Eight companies a day failed during February

By Geoff Percival - Thursday, March 01, 2012

More than 200 companies went to the wall in February, equating to an average of eight business failures per day.

The figure also suggests that more companies could be in danger of failing this year compared to last.

Latest monthly data from business intelligence service, Vision-net, said that the 206 instances of companies collapsing — either entering receivership, examinership or being liquidated — was up by 16% on a year-on-year basis. The central figure for February is also well up on the average failure rate for 2011 of 170 per month. That said, January actually saw a 19% year-on-year fall in failures, with 121 companies collapsing that month.

However, the latest figures also show a 9% drop in the number of business start-ups in February; and 53% of companies stress-tested by Vision-net being deemed "high risk" or in danger of collapse. According to Vision-net managing director, Christine Cullen, the biggest cause of failures is poor cash flow, "meaning that businesses are not running out of customers, but rather out of money."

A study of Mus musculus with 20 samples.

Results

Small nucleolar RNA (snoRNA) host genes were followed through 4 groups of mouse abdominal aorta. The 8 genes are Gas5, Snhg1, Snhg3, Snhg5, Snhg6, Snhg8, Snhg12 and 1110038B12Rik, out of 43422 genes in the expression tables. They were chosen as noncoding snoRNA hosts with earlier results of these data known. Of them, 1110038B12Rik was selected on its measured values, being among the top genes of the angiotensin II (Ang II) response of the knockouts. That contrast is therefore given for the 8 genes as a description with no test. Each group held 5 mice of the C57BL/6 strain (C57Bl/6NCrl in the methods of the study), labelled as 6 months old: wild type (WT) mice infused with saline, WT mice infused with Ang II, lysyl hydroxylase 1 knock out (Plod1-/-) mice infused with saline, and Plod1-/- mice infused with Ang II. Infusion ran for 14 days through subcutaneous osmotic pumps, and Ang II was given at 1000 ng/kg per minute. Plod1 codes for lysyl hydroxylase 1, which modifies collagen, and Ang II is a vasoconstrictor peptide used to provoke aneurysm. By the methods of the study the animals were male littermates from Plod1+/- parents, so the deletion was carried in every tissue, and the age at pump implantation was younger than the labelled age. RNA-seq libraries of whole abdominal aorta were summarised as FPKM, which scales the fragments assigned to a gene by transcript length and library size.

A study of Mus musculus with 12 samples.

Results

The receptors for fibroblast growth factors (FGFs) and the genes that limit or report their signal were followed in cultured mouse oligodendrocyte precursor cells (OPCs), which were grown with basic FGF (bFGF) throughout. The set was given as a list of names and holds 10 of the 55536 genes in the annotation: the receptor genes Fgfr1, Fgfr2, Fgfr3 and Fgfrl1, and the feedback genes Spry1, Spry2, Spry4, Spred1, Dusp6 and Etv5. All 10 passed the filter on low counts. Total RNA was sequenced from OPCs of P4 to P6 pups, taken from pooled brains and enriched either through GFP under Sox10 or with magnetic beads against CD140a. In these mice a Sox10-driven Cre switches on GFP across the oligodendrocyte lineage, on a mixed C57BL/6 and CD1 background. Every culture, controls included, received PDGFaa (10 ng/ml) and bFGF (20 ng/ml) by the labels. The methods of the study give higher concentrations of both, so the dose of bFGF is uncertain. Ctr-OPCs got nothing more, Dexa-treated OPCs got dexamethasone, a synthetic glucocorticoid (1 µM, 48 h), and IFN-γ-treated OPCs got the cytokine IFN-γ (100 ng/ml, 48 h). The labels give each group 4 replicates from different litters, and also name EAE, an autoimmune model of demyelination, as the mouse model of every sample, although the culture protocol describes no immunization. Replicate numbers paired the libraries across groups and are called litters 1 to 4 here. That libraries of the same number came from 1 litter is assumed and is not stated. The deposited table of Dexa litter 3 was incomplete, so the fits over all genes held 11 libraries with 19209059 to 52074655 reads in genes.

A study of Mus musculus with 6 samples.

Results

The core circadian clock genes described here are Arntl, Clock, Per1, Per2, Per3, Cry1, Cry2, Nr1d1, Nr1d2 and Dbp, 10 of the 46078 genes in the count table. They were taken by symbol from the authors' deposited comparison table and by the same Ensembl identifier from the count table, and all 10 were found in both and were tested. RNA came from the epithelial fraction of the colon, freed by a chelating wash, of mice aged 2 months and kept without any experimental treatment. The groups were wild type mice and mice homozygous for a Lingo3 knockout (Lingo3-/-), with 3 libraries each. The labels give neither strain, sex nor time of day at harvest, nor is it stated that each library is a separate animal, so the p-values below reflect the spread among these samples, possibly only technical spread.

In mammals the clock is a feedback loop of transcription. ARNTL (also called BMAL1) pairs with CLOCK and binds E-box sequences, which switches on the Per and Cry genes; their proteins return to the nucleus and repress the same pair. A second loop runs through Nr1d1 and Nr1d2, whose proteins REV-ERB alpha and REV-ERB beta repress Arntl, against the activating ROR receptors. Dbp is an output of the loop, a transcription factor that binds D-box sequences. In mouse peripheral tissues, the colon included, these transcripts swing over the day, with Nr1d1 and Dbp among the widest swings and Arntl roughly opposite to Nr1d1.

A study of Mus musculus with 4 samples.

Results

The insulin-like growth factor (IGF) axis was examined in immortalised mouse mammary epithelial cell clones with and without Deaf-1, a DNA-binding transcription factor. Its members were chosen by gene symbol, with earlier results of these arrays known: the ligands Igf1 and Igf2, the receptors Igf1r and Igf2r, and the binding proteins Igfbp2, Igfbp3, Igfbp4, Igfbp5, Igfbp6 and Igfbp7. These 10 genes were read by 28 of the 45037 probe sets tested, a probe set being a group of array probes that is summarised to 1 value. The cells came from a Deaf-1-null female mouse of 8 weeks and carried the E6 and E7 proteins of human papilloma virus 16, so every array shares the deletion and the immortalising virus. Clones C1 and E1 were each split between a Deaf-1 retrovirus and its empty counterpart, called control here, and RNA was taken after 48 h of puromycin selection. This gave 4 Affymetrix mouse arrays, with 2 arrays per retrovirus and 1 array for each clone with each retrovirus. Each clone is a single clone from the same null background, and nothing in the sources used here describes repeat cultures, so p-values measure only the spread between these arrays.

"The Government — through the Credit Review Office — must continue to pressure the banks to lend to viable businesses which, in turn, should gather proper market intelligence to enable them to make informed business decisions, avoid risks, and manage their way through a volatile trading environment," she added.

Of the 206 companies falling into trouble last month, 49% went into receivership, with the same percentage being liquidated and the remainder having an examiner appointed.

The construction sector was the most vulnerable for failing companies, but although visitor numbers to Ireland are up, the hospitality sector is also suffering, with three out of five hotels and restaurants on the brink of collapse.

"The major jobs announcements by Eli Lilly and PayPal, the landmark trade deal with China, continued buoyancy in the export and tourism sectors and strong start-up rate for Irish firms are positive signs for our economy — but, clearly, the rate of business failure remains alarmingly high as companies struggle to access credit and consumer demand remains weak," Ms Cullen added.